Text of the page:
The Temperature of Me and You
By Brian Zepka
Narrated by Andrew Gibson
The Temperature of Me and You is a Queer YA novel that follows angst-filled Dylan Highmark who just wants a low-key, stress-free life where he hopes to go mostly unnoticed by the world and its troubles around him. Dylan’s life flips on its head, though, when he meets cute new boy in town, Jordan. But when Jordan accidentally explodes a Dairy Queen Blizzard in his hand and confesses to Dylan he can generate flames from his hands, Dylan’s life becomes anything but stress-free. That, and add to the fact that, somehow, Dylan ends up somehow inheriting Jordan’s powers, albeit with different manifestations, this new couple finds themselves on the run from an evil scientist looking to profit off the many possible scientific discoveries they can make while studying Jordan and Dylan.
I wanted to like this book a bit more than I did at its end, but found myself slightly more disappointed than pleased. While The Temperature of Me and You has a lot to offer—a cute gay couple, likeable side characters, and enough depth to those characters where I was curious to learn more—the lack of explanation in some plot points and the lack of fleshing out the plot to really feel like a complete story had me feeling like, somehow, I had read something more like a novella that was sloppily fleshed out to become a book.
Much of the mystery and intrigue of the plot surrounding Jordan’s powers felt more like a slapped on background to a gay YA romance than actually being essential to the plot. Much of the conflict—the two protagonists being followed by HydroPro, the company that accidentally created Jordan—has me scratching my head most of the book. The conflict is riddled with questions throughout, and while the plot twist at the end is supposed to be this seemingly big “Aha!” moment, it just left me asking more questions. I get that, yes, the book is technically a romance, but the lack of fleshing out its more SciFi elements makes it feel more of an interruption to the romance plot than adding to the plot.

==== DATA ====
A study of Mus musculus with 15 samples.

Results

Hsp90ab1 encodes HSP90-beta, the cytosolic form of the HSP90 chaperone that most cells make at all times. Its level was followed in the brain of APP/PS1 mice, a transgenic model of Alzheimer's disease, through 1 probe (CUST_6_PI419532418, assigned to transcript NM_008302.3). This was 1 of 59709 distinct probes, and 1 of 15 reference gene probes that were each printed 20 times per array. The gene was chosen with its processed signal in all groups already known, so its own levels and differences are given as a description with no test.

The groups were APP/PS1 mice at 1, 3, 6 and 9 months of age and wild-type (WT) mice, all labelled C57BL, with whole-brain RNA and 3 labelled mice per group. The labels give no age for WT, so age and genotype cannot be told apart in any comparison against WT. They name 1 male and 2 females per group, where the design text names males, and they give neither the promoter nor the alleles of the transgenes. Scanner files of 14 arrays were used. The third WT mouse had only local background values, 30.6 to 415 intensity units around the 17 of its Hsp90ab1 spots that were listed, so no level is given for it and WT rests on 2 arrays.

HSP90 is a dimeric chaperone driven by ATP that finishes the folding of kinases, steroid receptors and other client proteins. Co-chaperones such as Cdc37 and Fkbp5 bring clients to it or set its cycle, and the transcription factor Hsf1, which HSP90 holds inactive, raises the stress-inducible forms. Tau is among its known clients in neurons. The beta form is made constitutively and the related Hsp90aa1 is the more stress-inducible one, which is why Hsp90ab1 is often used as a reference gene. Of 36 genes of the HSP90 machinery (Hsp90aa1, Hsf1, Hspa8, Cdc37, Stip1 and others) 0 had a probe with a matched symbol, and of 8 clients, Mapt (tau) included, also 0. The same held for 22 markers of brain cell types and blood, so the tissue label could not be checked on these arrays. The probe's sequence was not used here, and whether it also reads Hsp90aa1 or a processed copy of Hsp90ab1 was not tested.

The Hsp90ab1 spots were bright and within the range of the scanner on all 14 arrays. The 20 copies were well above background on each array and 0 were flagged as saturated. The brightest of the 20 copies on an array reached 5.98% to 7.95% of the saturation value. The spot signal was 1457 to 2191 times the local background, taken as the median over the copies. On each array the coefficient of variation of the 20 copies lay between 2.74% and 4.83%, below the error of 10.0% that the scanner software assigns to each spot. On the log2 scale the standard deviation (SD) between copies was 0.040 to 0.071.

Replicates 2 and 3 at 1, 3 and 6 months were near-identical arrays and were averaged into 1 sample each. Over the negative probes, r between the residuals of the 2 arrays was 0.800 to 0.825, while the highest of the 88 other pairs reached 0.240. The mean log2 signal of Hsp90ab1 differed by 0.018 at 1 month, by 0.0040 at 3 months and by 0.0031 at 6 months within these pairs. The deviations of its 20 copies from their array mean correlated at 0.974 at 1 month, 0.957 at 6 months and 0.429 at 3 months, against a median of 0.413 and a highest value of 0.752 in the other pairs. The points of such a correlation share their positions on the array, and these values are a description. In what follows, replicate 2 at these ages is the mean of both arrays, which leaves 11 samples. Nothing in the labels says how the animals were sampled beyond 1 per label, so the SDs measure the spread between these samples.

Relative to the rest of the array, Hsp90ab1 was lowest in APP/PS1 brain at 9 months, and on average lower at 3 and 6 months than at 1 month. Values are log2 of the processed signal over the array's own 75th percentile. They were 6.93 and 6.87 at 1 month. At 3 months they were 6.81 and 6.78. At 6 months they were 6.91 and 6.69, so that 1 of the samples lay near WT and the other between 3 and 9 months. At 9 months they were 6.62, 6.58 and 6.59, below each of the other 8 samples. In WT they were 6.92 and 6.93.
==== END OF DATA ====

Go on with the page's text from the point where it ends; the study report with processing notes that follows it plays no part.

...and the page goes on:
Even stranger, there were some pieces of dialogue that felt as though they were forcing the plot to move in a certain direction to force the reader to care about the mystery around Jordan and Dylan’s powers, rather than more authentically building that intrigue up through more interesting, nuanced dialogue to the point where most of the story feels as though Dylan is passively being pushed around by the events around him. Yes, part of that is part of the plot—that by the end, Dylan decides he needs to take his life into his own hands. But by the time I found myself rooting for Dylan as he takes control of his life, the book quickly concludes with a sloppily set up plot twist and a neat little bow that feels a bit undeserved.
That all being said, I would like to read a book from this author that’s just YA romance rather than something that’s supposed to be a SciFi YA Romance. Where I felt myself really enjoying the book was when the author was authentically weaving in the awkwardness of puberty all while wrestling with themes that, in a way, are somewhat out of our control and beyond us—like trying to find our purpose in life before college, trying our best to find life goals while just beginning your journey of self-discovery, all while just trying to be a kid.
Had the author just stuck to a more YA contemporary plot, I think it would have played to their strengths rather than getting what we got—somewhat of what seemed like an experimental book for the author that flopped and disappointed instead of wowing their readers.